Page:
Serphin Maltese, a former state senator in New York, leaned into the microphone. All this talk of removing monuments was like book burning by totalitarian regimes, he said, his voice rising with anger. "Our present mayor," he concluded, "will go down in history as the one who killed Christopher Columbus."
What should happen to Columbus – or more precisely, the monuments devoted to him – has become part of an unusual public debate. New York is the latest American city to join a nationwide reckoning over memory and history. And New Yorkers, not known for being shy about their opinions, have thoughts to share.
Three months ago, New York Mayor Bill de Blasio pledged a review of all "symbols of hate" on city property. The announcement came days after a woman was killed in Charlottesville, Va., following a rally by white supremacists in support of a statue of Confederate military leader Robert E. Lee.
Now a mayoral panel will deliver non-binding recommendations on the future of monuments and markers "seen as oppressive and inconsistent with the values of New York." The first of five public meetings took place Friday in Queens.
Unlike in the American South, the knotty question here is not what to do with Confederate symbols, but how to handle the numerous tributes to Columbus – in particular, the triumphal statue of him atop a pedestal in the middle of Columbus Circle, a major plaza at the southwest corner of Central Park.
(Columbus isn't the only figure of controversy. At the hearing, some New Yorkers voiced a desire to get rid of a statue of J. Marion Sims that sits on Fifth Avenue. Sometimes called the "father of gynecology," Dr. Sims performed repeated surgeries on enslaved women without anesthesia.)
The first wave of tributes linked to Columbus – an explorer from Genoa who never set foot in North America – dates back to the years after the American Revolution. The young nation embraced patriotic symbols distinct from the British crown. For instance, New York's Columbia University was originally called King's College, but changed its name in 1784.
Then, in the latter half of the 19th century, Columbus was adopted as a symbol of pride by Italian-American immigrants who faced prejudice and sometimes violence in their new land. In the 1930s, Italian-American groups successfully lobbied for the creation of Columbus Day, a federal holiday that takes place the second Monday in October.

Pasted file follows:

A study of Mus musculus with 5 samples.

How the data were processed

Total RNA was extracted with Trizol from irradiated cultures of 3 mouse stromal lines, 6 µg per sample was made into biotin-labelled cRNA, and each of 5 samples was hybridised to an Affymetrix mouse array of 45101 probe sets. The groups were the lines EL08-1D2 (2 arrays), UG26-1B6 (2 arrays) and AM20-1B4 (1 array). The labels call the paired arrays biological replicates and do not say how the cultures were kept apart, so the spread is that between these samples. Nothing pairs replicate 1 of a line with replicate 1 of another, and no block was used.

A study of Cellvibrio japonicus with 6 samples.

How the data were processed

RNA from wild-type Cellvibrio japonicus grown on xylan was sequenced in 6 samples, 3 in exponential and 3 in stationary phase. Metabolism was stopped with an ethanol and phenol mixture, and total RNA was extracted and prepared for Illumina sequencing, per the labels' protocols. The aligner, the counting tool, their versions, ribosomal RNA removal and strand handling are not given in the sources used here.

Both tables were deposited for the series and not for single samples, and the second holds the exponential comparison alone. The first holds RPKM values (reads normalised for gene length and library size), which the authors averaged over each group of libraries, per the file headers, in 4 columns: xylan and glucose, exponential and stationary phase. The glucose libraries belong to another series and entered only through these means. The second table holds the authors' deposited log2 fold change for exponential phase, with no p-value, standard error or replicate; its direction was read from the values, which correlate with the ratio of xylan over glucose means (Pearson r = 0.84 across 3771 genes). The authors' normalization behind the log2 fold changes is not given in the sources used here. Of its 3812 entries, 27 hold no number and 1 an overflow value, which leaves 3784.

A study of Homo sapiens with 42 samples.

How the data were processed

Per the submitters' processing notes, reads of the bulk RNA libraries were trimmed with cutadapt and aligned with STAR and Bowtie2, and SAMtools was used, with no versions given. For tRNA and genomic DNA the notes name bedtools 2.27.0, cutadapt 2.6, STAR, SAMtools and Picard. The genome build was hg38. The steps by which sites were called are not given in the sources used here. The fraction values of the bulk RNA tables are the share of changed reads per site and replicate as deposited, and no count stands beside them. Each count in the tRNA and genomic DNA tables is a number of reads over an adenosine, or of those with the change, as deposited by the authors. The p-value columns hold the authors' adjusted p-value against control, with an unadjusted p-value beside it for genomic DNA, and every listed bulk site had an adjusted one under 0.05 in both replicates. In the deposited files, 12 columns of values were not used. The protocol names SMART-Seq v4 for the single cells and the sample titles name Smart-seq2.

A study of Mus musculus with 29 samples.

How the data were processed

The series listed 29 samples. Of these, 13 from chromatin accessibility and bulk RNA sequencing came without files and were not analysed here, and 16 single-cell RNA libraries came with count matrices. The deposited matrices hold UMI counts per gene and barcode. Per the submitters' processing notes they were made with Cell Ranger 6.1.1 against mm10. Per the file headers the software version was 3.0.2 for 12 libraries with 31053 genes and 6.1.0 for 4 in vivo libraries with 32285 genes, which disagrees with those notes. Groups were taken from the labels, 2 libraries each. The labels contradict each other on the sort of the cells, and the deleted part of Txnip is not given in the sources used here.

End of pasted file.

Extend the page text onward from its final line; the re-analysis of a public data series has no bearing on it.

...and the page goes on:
Rick Chavolla, chairman of the American Indian Community House in New York, noted at the hearing that Columbus described the enslavement and violent subjugation of the native peoples he encountered, including the use of rape and punishments such as chopping off hands. "These are not imperfections," said Mr. Chavolla. "These are the core part of who he was."
At the hearing, the defenders of monuments to Columbus focused on his history-making voyage rather than its genocidal consequences. Joseph Guagliardo described growing up in Brooklyn where his grandmother raised him to see the explorer as an inspirational example of travelling beyond your limitations. He still participates in a commemorative wreath-laying ceremony that takes place at the statue in Columbus Circle each October.
Mr. Guagliardo, who is president of a national umbrella group of Italian-American organizations, also rejected the idea of adding further context to existing memorials. Such information is already at people's fingertips, he said. When he took his twin teenage daughters to the wreath-laying ceremony a few years ago, he remembered, they googled the explorer. "When I was giving the emotion … they were telling me what he did wrong," he said.
Jeffrey Kroessler, a librarian at John Jay College in Manhattan, argued that preserving statues of controversial historical figures provided chances to educate. If the statues are no longer there, passersby miss the opportunity to point and say, "Do you know what that son of a bitch did?" said Mr. Kroessler. "We need to remind ourselves of who we were even when we were wrong."
The tone at the two-hour hearing on Friday, which took place in a sunlit atrium in a municipal building, was impassioned but civil. Three people at a time sat at a table and took turns expressing their views, which were often diametrically opposed to the opinions articulated by the person next to them.
"I believe the statues of people who hurt others to become famous should be removed," said Trashawn Pace, a student at a nearby high school for pupils with special needs. "No one should ever have to suffer to make a person so famous that they get to be remembered forever."
For Peter Rice, Mr. Pace's teacher, the hearing was a classroom brought to life. His students had been putting together their own newspaper focused on current debates such as the controversy over football players kneeling during the national anthem and the conflict surrounding historical monuments. Five students read their thoughts aloud at the hearing for the record.
They left in high spirits, Mr. Rice said, electrified by their brush with a real-life policy debate. On the bus ride back to school, they asked their teacher if they could meet the Mayor and the President next.